In the 1984 Cold War movie Red Dawn – as Soviet troops battled their own real insurgency in Afghanistan – characters played by Patrick Swayze, Charlie Sheen, and Jennifer Grey lead a guerrilla band of high school students from a small town in Colorado to fight a fictional Russian invasion of the United States.
Their battle cry, like their school team’s vicious little mascot was – ‘Wolverines,’ and they would leave their Wolverines tag whenever they would strike the Soviet Russian invaders.
And now, in a perfect case of life imitating art, that same tag is increasingly showing up on destroyed Russian vehicles in Ukraine as the movie inspires Ukrainians to resist their own Russian invaders.
In one case we see what appears to be a burned-out BTR-80 armored personnel carrier, near Brovary, a suburb of Kyiv.
— тотальна зневага (@CrimsonMaverick) April 14, 2022
In another we see a destroyed T-72 tank with “Wolverines” painted on the side of the turret.
— 𝐂𝐞𝐫𝐭𝐢𝐟𝐢𝐞𝐝 𝐔𝐤𝐫𝐚𝐢𝐧𝐞 𝐈𝐧𝐟𝐨 (@UkraineWarPosts) April 8, 2022
One study showed the 1984 movie has seen a 500% surge in video-on-demand worldwide since the Russians invaded Ukraine in late February.
It’s unclear if Ukrainian soldiers or local civilians are tagging these destroyed Russian vehicles, but what is clear is that ‘Wolverines’ is spreading like wildfire throughout Ukraine and appearing all over Russian vehicles.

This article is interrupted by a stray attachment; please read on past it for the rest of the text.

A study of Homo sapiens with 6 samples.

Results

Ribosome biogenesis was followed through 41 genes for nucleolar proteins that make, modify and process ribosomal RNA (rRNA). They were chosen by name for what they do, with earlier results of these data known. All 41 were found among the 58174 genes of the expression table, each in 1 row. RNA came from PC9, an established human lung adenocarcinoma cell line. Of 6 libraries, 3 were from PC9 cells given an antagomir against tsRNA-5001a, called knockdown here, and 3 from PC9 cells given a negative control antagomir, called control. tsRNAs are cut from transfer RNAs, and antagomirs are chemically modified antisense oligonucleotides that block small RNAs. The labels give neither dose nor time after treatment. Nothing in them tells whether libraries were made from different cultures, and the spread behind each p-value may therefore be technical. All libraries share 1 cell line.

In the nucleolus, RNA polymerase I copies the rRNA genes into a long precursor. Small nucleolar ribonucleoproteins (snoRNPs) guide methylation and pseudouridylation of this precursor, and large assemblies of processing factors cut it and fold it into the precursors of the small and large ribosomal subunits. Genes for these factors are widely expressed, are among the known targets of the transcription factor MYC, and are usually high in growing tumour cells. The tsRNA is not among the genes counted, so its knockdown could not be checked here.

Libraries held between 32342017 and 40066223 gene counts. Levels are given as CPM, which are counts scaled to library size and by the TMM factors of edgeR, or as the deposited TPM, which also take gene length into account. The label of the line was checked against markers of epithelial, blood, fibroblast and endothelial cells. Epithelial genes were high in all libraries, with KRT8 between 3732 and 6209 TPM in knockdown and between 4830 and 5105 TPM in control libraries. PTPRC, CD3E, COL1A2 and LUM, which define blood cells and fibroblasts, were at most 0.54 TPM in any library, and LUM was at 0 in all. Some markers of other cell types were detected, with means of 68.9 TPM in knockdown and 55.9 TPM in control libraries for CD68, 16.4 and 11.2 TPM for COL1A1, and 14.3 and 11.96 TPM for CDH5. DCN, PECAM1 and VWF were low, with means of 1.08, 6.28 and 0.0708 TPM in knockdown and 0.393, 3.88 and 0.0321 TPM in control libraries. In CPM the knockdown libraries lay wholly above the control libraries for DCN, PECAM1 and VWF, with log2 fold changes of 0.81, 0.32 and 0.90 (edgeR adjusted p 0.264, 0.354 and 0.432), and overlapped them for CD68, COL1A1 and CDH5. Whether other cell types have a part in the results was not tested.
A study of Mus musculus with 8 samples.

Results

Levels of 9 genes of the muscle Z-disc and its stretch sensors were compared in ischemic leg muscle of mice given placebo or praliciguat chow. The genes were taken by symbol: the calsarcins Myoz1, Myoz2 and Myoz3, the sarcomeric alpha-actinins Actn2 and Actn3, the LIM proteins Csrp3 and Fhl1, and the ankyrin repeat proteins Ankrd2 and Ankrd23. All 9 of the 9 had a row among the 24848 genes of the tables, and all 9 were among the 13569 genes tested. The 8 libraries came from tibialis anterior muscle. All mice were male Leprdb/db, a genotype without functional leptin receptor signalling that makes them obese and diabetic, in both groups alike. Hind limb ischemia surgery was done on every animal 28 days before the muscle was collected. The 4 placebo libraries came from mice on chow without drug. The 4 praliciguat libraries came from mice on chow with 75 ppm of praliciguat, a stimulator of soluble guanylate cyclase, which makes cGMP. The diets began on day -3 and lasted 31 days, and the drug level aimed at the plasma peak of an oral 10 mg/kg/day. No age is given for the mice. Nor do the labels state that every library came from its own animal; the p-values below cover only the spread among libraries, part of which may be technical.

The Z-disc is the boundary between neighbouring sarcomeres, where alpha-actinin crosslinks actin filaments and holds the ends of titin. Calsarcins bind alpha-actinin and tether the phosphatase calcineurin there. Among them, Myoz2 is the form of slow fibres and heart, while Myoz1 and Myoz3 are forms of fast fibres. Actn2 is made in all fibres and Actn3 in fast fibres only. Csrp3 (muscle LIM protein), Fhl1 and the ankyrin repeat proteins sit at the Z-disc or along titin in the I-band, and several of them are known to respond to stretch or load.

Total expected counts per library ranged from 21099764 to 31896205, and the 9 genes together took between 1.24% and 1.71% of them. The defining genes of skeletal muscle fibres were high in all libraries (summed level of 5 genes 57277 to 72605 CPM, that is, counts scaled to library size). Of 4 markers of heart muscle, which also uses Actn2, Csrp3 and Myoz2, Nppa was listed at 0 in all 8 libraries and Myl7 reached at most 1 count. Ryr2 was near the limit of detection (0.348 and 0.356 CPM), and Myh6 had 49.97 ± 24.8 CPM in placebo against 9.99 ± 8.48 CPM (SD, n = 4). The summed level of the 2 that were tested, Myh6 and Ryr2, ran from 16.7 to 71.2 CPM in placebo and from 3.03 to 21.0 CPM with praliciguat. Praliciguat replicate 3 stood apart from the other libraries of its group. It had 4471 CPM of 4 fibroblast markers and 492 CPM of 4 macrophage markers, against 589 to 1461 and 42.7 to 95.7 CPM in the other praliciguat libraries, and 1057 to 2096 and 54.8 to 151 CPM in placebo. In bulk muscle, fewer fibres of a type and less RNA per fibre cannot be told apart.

As Red Dawn makes clear, and their own occupation of Afghanistan should have also taught the Russians, occupations breed insurgencies, and they often end badly for the invaders. As Task and Purpose notes:
…insurgencies are nearly impossible to defeat with conventional military means. Every citizen is a potential combatant, and fighters blend seamlessly into the populace. They have an inherent home-field advantage, not just through a deep personal knowledge of the terrain, but of the people and culture. As such, they also tend to enjoy considerable local support.
This was the case in the fictional Colorado town where the young insurgents defeat a powerful Russian military force and will also likely be the case if the Russians attempt to occupy parts of Ukraine.
While Red Dawn was roundly bashed at the time by the left for its strong patriotic appeal, that criticism hasn’t aged well. It is clear that patriotism and resistance to foreign invaders is a universal phenomenon that deserves our praise.